We all know about China’s prolific manufacturing capability. From simple toys to high-end computers we are rarely surprised to see the familiar label “Made in China” emblazened somewhere on the product. So, what do you do if you think a factory in China is making a product just like yours without your permission for export around the world. You want them to stop NOW and, of course, you are on a budget.
As patents are national rights that are only enforceable in the country in which they are registered, if you have no Chinese patent you have no right to enforce. You could rely on patents you have in other countries, like the UK or US, and bring a patent infringement action in these countries to stop import from China of your patented product, but this would mean separate litigation in each country and, of course, you would only be able to stop import in the countries where patent protection exists. Even if successful in these countries, the factory in China could keep on producing, and simply export to fewer countries.
With a patent in China you could stop the problem at the source and stop export to all countries around the world in one action. In addition, not only is patent litigation in China relatively cheap, but it is also relatively quick (typically 6 to 12 months from start to finish). In contrast to many countries, in China the majority of patent infringement suits go to trial and, in the main jurisdictions of Beijing and Shanghai, an 80% success rate for foreigners has been reported. There is a lot of patent litigation in China and it is increasing rapidly (35% between 2010 and 2011).
What if your budget will not extend to filing a patent application in China? Rather than filing a patent application, you could file a utility model application. Utility models are a type of so-called ‘petty’ patent with a 10 year lifetime, available for certain technical solutions. The shorter lifetime is typically most suitable for short life cycle products such as those in the electronic fields. The inventiveness requirements for utility models are lower than for patents but their enforcement is almost the same. Utility models are not examined substantively by the State Intellectual Property Office.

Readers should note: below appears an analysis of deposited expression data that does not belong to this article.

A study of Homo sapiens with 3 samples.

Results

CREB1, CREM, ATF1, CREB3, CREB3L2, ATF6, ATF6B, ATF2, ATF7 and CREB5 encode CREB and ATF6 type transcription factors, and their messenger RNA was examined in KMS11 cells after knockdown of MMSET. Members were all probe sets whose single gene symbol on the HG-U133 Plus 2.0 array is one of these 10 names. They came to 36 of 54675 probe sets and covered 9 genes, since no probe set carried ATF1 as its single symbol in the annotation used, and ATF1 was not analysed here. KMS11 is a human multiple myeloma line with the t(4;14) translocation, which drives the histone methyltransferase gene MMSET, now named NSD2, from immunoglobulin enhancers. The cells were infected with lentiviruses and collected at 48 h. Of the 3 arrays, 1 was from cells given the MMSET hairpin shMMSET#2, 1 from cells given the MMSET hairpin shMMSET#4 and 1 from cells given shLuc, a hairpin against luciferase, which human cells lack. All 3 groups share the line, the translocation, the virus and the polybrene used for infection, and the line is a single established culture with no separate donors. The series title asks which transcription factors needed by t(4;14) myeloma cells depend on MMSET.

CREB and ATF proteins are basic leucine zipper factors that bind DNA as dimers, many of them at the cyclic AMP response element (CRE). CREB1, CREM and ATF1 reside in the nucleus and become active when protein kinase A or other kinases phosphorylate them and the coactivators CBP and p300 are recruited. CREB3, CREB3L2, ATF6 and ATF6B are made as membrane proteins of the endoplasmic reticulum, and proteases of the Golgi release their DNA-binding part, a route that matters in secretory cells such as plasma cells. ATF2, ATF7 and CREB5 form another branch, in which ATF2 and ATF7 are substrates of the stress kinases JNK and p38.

Altogether, this provides an enforceable right, at low cost, low time to grant and with a high certainty of grant. Chinese applicants appear to love utility models: over 400,000 were filed by Chinese applicants in 2010, but only around 2,500 by foreign applicants. Foreign applicants, it seems, might be missing a trick.
Finally, suppose a Chinese competitor with a patent or utility model sues your Chinese manufacturer for infringement. It would be helpful to have an enforceable right as a defensive position with which to countersue. A popular strategy in China to build a robust defensive position to protect core technology is to file a utility model application (and often more than one) in parallel with a regular patent application. This typically gives focussed protection quickly followed-up by broader, more comprehensive cover.
Talk to us about protecting your innovation in China.
This article is for general information only. Its content is not a statement of the law on any subject and does not constitute advice. Please contact Reddie & Grose LLP for advice before taking before any action in reliance on it.